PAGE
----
As we have every summer for the past decade, our entire family recently spent a week camping.

The term "camping" is used loosely. Because, after a lifetime of tent camping, we decided, this year, to rent the Lodge at Lazy D Campground.

Lazy D is a private campground near Whitewater that features laundry facilities, a WiFi hotspot, and a swimming pool. The Lodge, which we shared with friends and their kids, features five beds, a full kitchen, and an air conditioner.

We will never, we decided, pitch a tent again.

Sure, you can question our hardiness, our ruggedness, and our devotion to reconnecting to the outdoors.


But we have, year after year, paid our tent camping dues. Like The Year That Mouse Wouldn't Stop Scratching At Our Tent. Or The Year The Monsoon Lifted Our Tent WIth Our Entire Family In It And Dropped Us Down In The Adjacent Campsite. Or, The Year We Decided To Try "Winter Camping."

At a primitive state forest campground in Michigan's Upper Peninsula, we tent camped next to a small stream. Late on night two, I took a pot down to the stream to gather water to douse our campfire. It was very dark. I was already a bit on edge because I had been kept awake the previous night by a mouse who wouldn't stop scratching at our tent. I knelt down to scoop up the water. Just as I put the pot into the stream, I heard, from about six inches away, the loudest sound — a terrifying slap on the water — that I had ever heard in my life. It was, I figured, probably just a harmless beaver slapping its tail to warn other beavers of my presence. Though I figured that much later because, at the time, I was sprinting back through the woods, pine branches pummeling my face and body, before diving into our tent.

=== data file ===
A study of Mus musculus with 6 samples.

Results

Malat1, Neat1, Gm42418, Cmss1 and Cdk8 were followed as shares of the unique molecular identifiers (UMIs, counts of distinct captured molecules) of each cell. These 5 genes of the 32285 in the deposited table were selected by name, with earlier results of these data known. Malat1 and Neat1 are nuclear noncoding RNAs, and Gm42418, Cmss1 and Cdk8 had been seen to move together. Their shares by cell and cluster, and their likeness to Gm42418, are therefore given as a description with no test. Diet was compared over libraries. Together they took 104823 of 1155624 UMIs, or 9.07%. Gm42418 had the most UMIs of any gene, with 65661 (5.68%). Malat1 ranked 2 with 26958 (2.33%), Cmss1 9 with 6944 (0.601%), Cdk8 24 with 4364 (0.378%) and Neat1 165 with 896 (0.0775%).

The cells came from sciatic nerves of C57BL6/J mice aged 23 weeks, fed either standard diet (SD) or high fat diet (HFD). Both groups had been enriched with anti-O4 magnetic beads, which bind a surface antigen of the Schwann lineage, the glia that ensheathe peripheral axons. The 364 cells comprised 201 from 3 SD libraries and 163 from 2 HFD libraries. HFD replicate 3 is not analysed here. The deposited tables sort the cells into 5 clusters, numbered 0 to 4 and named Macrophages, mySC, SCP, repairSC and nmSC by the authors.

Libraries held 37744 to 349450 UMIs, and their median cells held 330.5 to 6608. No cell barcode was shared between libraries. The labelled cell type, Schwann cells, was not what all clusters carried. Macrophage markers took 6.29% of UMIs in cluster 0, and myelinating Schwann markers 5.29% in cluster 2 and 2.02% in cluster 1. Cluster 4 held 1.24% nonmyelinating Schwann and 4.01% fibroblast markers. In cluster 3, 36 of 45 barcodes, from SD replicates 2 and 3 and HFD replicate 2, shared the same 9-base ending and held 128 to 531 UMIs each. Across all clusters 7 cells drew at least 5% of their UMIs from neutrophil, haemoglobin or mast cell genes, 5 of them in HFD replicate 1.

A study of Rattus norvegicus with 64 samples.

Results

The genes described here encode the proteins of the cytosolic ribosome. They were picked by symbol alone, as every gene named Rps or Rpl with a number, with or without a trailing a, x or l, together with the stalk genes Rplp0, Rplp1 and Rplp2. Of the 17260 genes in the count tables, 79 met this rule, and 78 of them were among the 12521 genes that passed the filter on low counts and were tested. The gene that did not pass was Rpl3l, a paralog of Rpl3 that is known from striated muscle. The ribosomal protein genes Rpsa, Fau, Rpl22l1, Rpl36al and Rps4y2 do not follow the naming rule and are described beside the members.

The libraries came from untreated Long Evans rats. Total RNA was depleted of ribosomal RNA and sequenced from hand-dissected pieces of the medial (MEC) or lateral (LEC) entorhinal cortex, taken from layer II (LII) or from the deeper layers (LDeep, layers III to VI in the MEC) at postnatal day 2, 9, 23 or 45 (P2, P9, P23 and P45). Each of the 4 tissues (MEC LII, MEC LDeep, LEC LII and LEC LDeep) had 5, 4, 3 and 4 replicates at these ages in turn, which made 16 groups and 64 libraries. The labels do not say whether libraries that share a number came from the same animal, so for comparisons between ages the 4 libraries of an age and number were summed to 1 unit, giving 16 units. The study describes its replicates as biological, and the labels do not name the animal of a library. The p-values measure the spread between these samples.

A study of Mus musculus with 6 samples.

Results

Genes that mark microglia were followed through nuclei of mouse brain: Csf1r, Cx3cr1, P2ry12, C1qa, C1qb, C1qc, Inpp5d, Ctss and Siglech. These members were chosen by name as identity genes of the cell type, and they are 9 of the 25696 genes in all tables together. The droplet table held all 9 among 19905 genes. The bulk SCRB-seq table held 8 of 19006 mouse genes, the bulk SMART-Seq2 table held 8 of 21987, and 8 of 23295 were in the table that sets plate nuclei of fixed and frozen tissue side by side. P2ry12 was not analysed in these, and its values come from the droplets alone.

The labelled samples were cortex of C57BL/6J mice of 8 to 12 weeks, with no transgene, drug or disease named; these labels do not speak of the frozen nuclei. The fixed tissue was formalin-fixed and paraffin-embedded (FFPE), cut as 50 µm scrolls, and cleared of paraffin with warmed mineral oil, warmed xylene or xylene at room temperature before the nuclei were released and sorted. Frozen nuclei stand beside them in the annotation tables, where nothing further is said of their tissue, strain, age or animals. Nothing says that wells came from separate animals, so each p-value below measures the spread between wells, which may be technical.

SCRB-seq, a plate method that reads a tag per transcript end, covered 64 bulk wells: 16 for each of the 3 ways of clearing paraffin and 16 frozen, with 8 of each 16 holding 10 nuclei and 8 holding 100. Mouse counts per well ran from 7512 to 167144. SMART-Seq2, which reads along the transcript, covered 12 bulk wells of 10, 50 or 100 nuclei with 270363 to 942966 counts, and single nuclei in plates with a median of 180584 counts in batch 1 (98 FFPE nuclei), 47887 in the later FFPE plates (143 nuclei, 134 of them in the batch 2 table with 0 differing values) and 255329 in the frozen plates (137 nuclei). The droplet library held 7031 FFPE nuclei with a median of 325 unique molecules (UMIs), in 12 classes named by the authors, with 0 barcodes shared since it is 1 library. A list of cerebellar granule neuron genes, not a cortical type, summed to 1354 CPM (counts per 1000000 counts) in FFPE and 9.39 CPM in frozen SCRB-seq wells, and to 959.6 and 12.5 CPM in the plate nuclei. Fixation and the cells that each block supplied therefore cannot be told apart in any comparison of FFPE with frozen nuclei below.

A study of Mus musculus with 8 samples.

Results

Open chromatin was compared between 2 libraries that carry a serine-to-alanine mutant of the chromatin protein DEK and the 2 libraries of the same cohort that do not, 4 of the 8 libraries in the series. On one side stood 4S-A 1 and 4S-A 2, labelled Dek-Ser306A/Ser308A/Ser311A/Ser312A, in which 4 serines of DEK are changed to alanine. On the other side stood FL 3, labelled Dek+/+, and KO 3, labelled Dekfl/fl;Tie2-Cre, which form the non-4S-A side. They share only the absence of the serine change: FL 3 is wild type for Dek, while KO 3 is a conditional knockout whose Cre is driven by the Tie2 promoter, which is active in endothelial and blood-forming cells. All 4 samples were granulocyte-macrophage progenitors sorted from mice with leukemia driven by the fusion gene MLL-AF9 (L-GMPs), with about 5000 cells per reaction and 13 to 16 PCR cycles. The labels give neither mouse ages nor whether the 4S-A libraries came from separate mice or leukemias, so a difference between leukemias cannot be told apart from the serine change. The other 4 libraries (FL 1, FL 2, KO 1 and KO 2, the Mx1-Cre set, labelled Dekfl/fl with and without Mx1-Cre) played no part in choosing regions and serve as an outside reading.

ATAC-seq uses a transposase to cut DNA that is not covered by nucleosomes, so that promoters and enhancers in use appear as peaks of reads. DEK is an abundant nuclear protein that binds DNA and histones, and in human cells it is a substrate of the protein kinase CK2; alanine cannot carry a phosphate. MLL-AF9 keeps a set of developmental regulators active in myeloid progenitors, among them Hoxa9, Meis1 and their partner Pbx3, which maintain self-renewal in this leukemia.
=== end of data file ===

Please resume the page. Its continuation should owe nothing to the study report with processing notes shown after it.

"Did you hear that?" I yelled to Lindy.

"Yes! What was it?" she asked. "It sounded like a terrified bear crashing through the pines! And did you hear that high-pitched screaming?"

When we first moved to Minnesota in 2000, we tent camped with our daughter Hadley, then 2. In order to fully appreciate the diversity of our new state, we decided to explore the prairies of southwestern Minnesota at Blue Mounds State Park. Because we wanted only the best for our precious firstborn's first camping trip, we splurged on a new, three-person tent and bought our first air mattress. We'll be floating on a bed of air!

Four hours into that first night, all three of us were laying on a completely deflated air mattress on the rock-hard dirt of southwestern Minnesota. Fortunately, we didn't pay much attention to the pain of sleeping on prairie rocks, mostly because we were too distracted by fighting off the thousands of fist-sized black flies that were apparently trying to eat us down to our bones.

That air mattress, incidentally, was the first of 19 air mattresses we have purchased over the years, each one of which was apparently designed to deflate entirely by 3 a.m. and then never hold air again due to a leak along a seam. I know it is 19, because that is the number of different air mattress pumps we have in our garage.

During our first stay at Whitewater State Park, we had to leave in the middle of the night when our son, Henry, then 3, would not stop screaming, mostly because the air mattress had deflated at 3 a.m. and left us sleeping on a very aggressive root system. Fortunately, we didn't pay much attention to the pain of sleeping on the roots, mostly because we were too distracted by the rain, which was pouring through every seam in the tent. That was also the year that I woke up to realize that, luckily, the sticky s'more residue on my hands had managed to entrap a spider before it made its way down my sleeping bag.


On the last morning of this year's camping trip at Lazy-D, we woke up in The Lodge on intact mattresses in real beds to realize, only now, that it had rained the night before. We hadn't heard it over the hum of the air conditioner.